Germany Moves to Overhaul Accounting Oversight Amid Wirecard Scandal
By Nina Trentmann
Germany is overhauling its framework for accounting oversight
following a financial scandal at Wirecard AG, and is canceling the
existing regulator's contract after 2021.
The Federal Ministry of Justice and Consumer Protection is
working on a new regulatory setup together with the Federal
Ministry of Finance, a spokesman for the justice ministry said.
The justice ministry on Monday also canceled its contract with
the country's accounting watchdog, the Financial Reporting
Enforcement Panel, effective Dec. 31, 2021.
Aschheim, Germany-based Wirecard last week filed for insolvency
proceedings after disclosing a $2 billion accounting hole. The
once-high flying electronic-payments company and member of the
German Dax index of blue-chip companies on June 22 said the money
missing from its balance sheet probably doesn't exist, confirming
earlier reports by banks which said they never held the funds.
The events led to a meltdown of the company's stock and the exit
of Wirecard's chief executive, and triggered a debate among German
regulators questioning whether the current oversight regime was
"The Federal Ministry of Justice and Consumer Protection --
together with the Federal Ministry of Finance -- is currently
analyzing the extent of the need for reform...resulting from the
Wirecard balance sheet scandal. It is important to ensure effective
control at all times, " the spokesman for the justice ministry
The current regulator FREP was set up in 2004 in response to
various accounting scandals and fraud cases, including at Enron
Corp. The Berlin-based body is responsible for overseeing the
accounts of both listed and closely held companies in Germany. It
had 15 employees and a budget of just over $6 million in 2019,
according to its most recent annual report.
FREP conducted 86 investigations in 2019, up from 84 in the
prior year, and found issues in about 20% of those examinations,
the regulator said in its annual report. It has pursued some
prominent cases in the past, including one against sportswear maker
BaFin, Germany's banking regulator, asked FREP in February 2019
to look into Wirecard's 2018 financial results following tips from
a whistleblower, according to a spokeswoman. BaFin couldn't conduct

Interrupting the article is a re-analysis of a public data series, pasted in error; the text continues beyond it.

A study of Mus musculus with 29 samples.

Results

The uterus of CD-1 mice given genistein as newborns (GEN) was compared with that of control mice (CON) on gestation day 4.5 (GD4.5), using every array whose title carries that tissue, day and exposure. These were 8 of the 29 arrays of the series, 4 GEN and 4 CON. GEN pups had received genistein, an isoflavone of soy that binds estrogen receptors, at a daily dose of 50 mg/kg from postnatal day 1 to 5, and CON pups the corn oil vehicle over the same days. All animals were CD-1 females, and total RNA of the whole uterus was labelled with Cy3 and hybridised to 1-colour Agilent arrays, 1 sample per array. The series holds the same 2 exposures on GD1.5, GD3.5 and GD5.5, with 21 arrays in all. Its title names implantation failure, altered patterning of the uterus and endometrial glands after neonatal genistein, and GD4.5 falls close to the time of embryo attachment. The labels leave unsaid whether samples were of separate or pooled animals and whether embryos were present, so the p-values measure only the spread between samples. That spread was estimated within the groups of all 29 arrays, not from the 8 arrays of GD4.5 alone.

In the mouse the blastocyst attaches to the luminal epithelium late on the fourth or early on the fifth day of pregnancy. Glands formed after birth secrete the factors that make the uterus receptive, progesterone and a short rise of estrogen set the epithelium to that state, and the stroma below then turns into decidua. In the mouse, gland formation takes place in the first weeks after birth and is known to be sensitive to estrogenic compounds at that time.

the investigation on its own because of the existing regulatory
structure that gave FREP the right to conduct the first probe, the
FREP didn't respond to a request for comment, and hasn't
commented on the results of its probe.
BaFin launched a separate investigation into potential market
manipulation by Wirecard in 2019. That investigation is still
ongoing, the spokeswoman said. BaFin President Felix Hufeld is
expected to attend a parliamentary committee hearing on the
Wirecard case on Wednesday.
The BaFin spokeswoman declined to say if BaFin would take over
accounting oversight at nonfinancial institutions, replacing
The case also is placing a spotlight on Wirecard's longtime
auditor Ernst & Young.
EY on June 25 said its client gave the auditor false
"There are clear indications that this was an elaborate and
sophisticated fraud, involving multiple parties around the world in
different institutions, with a deliberate aim of deception," the
company said in its statement.
The company declined to comment on its interactions with
The current debate in Germany about accounting oversight at
Wirecard mirrors a similar situation in the U.K., in which the
government is working to overhaul the existing regulatory framework
following a string of corporate failures.
The U.K. last year said it would launch a new regulator called
the Audit, Reporting and Governance Authority, and integrate the
existing watchdog, Financial Reporting Council, into it. Those
changes are still to happen.
Write to Nina Trentmann at Nina.Trentmann@wsj.com
(END) Dow Jones Newswires
June 29, 2020 17:34 ET (21:34 GMT)
Copyright (c) 2020 Dow Jones & Company, Inc.